What is MRI Guided HiFU
1. What is the clinical indication of MRI-HIFU?
- MRI-HIFU is indicated for the ablation of uterine fibroids (leiomyomas) in pre-menopausal and peri-menopausal woman who does not want her uterus to be removed.
2. How does MRI-HIFU work?
HIFU or High-Intensity-Focused-Ultrasound uses high-intensity ultrasound waves that are focused into a small area of between 4 – 16mm, to produce heat and energy, which kills the tumor cells. To ensure that this is done accurately, MRI is used, both to localize the area for ablation as well as to monitor the temperature.
- Its Real-time, magnetic resonance image guidance (MRg) allows the treating radiologist to target the fibroid with a high-intensity focused ultrasound (FUS) energy beam.
- Process is called “SONICATION” - ultrasound beam delivered to the target is converted to heat energy.
- Technique relies on heat-induced tissue necrosis (coagulative), which is achieved when the target is heated to a temperature at or beyond 57°C tissue infarction and death
- Normal uterine muscle remains intact following the procedure.
- Principal determinants for procedure duration include size and location of the fibroid.
- Vital to deflect the ultrasound beam away from bowel loops and bone.
3. Which fibroids can be treated?
- All fibroids greater than 3 cm
This is decided on the basis of MRI findings performed when the patient first comes for counseling.
4. Any contraindications?
- The presence of scar tissue and adhesions from previous surgery may create problems and sometimes be a contraindication.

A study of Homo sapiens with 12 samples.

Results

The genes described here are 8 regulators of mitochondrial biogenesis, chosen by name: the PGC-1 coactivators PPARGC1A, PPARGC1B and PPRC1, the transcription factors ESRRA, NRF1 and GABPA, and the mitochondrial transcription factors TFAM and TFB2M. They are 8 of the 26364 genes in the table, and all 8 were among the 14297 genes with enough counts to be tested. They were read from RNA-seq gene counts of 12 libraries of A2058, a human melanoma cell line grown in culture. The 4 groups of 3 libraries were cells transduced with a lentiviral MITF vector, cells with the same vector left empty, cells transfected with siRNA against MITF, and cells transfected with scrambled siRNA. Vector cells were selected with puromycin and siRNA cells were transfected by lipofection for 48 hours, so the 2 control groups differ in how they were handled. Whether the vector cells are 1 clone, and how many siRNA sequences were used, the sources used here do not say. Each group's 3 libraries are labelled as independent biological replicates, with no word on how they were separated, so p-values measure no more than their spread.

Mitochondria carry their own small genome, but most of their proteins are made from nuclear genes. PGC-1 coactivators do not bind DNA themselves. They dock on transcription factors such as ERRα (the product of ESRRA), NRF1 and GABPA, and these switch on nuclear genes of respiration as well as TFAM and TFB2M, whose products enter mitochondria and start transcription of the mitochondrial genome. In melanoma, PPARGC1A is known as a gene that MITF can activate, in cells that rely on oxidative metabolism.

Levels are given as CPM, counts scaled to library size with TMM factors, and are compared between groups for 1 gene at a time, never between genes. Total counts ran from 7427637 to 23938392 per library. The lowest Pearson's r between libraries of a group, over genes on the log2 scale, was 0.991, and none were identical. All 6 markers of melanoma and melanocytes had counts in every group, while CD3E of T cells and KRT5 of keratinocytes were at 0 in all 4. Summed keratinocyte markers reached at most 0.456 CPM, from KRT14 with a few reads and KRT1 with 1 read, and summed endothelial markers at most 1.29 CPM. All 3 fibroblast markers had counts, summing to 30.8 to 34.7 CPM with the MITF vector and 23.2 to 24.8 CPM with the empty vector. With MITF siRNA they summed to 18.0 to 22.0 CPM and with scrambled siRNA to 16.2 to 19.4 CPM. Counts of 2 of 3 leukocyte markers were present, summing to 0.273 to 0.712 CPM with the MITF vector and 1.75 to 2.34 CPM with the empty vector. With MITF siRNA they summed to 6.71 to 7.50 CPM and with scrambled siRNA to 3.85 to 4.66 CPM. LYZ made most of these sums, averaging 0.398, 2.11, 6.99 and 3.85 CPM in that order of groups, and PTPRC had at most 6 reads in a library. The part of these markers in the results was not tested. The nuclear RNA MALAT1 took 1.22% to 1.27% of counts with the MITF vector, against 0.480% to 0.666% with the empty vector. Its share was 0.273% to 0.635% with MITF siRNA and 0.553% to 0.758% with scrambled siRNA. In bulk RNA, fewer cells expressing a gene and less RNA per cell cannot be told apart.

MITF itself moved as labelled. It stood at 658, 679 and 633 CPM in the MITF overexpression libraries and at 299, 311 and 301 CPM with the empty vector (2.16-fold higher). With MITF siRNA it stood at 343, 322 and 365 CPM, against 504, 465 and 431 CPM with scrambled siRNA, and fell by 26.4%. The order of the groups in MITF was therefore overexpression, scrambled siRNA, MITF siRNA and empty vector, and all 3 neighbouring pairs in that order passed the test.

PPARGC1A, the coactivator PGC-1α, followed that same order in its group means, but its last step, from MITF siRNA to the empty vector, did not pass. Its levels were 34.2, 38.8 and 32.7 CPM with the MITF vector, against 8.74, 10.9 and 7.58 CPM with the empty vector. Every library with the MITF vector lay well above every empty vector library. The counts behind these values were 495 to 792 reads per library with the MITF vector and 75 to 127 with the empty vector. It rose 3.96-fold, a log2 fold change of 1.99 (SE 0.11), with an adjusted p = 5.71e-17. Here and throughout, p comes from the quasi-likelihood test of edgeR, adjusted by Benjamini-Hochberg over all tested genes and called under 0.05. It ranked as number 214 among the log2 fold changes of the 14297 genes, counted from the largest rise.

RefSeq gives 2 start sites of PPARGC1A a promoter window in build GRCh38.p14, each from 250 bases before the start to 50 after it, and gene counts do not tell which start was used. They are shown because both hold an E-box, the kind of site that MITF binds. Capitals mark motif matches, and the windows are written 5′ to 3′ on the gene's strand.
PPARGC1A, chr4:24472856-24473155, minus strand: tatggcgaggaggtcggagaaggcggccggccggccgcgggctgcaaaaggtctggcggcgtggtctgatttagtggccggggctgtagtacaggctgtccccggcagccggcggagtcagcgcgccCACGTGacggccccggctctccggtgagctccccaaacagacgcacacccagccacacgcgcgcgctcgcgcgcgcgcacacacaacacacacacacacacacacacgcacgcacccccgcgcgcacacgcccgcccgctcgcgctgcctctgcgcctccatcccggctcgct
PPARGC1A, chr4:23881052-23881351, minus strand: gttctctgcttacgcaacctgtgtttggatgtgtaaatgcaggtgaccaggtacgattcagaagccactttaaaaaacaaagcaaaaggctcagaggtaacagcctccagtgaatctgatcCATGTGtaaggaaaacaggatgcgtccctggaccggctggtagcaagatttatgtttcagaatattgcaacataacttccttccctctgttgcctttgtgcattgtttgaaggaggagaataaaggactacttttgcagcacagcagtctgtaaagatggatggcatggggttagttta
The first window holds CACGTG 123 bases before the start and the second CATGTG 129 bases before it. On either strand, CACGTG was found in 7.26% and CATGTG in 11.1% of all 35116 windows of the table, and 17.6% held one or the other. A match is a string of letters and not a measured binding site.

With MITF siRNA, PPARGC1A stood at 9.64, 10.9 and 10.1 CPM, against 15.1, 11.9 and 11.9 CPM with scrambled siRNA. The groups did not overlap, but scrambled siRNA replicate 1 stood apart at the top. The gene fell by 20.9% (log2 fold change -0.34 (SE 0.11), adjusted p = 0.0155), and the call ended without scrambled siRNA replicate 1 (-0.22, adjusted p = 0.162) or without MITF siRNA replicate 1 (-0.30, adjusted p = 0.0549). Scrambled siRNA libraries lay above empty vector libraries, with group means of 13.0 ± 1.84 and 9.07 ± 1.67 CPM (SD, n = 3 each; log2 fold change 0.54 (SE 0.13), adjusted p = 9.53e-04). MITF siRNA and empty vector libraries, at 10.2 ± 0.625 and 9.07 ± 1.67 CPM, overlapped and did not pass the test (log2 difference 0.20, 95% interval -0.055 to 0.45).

- Technical Issues primarily due to the location of the fibroid in relation to vital structures outside uterus, such as bowel loops, spine (Vertebra) Nerves.
5. Does the fibroid disappear? What happens?
- The fibroid does not disappear. It however shrinks in size leading to a significant reduction in symptoms. Approximately 30-90% ablation is aimed for.
6. What is the pre-procedure preparation?
- Shaving of the pelvic area
- Fasting for 6 hours
7. What is done at the time of the procedure?
- A catheter is placed in the bladder.
- The patient has to lie on her stomach in the MRI scanner with her head out.
- A button is given to the patient to stop the ultrasound beam whenever she feels uncomfortable.
- The team consisting of the doctor and nurse will be in constant touch with the patient.
- It takes 2-4 hours.
8. What happens after the procedure?
- The patient will be kept in the recovery area for 1-2 hours.
- The catheter will be removed.
- On a daily basis for 3 days and then weekly for a month, our doctor or nurse will be in touch with the patient to monitor the progress.
- An MRI will be performed at 1 month, 6 months and 1 year as follow-up
9. To what extent do patient symptoms improve after treatment, especially bleeding?
- As a rule, significant improvement in symptoms is expected within the first three months. This is expected to remain for 3-5 years.
10. What are the known (most common) complications of the procedure?
- It is a safe technique and non-invasive.
- Minor pelvic discomfort and a little pain may occur during the procedure and/or for about 72 hours after.
- There may be a flu-like syndrome approximately 48-72 hours after the procedure, especially if a large volume has been ablated.
- Skin burns and nerve damage are known, but these are extremely rare. We take the utmost care to make sure that these don’t occur.
11. Does the HIFU procedure preserve fertility?
- There is no formal trial that has been done for this. However there is enough anecdotal published data that has shown that women have become pregnant without any problems after the use of MRI-HIFU.
12. Is MR-HIFU cost-effective relative to hysterectomy?
- No surgery
- Back to work from the next day.
- No hospital charges and no ongoing post-surgical problems.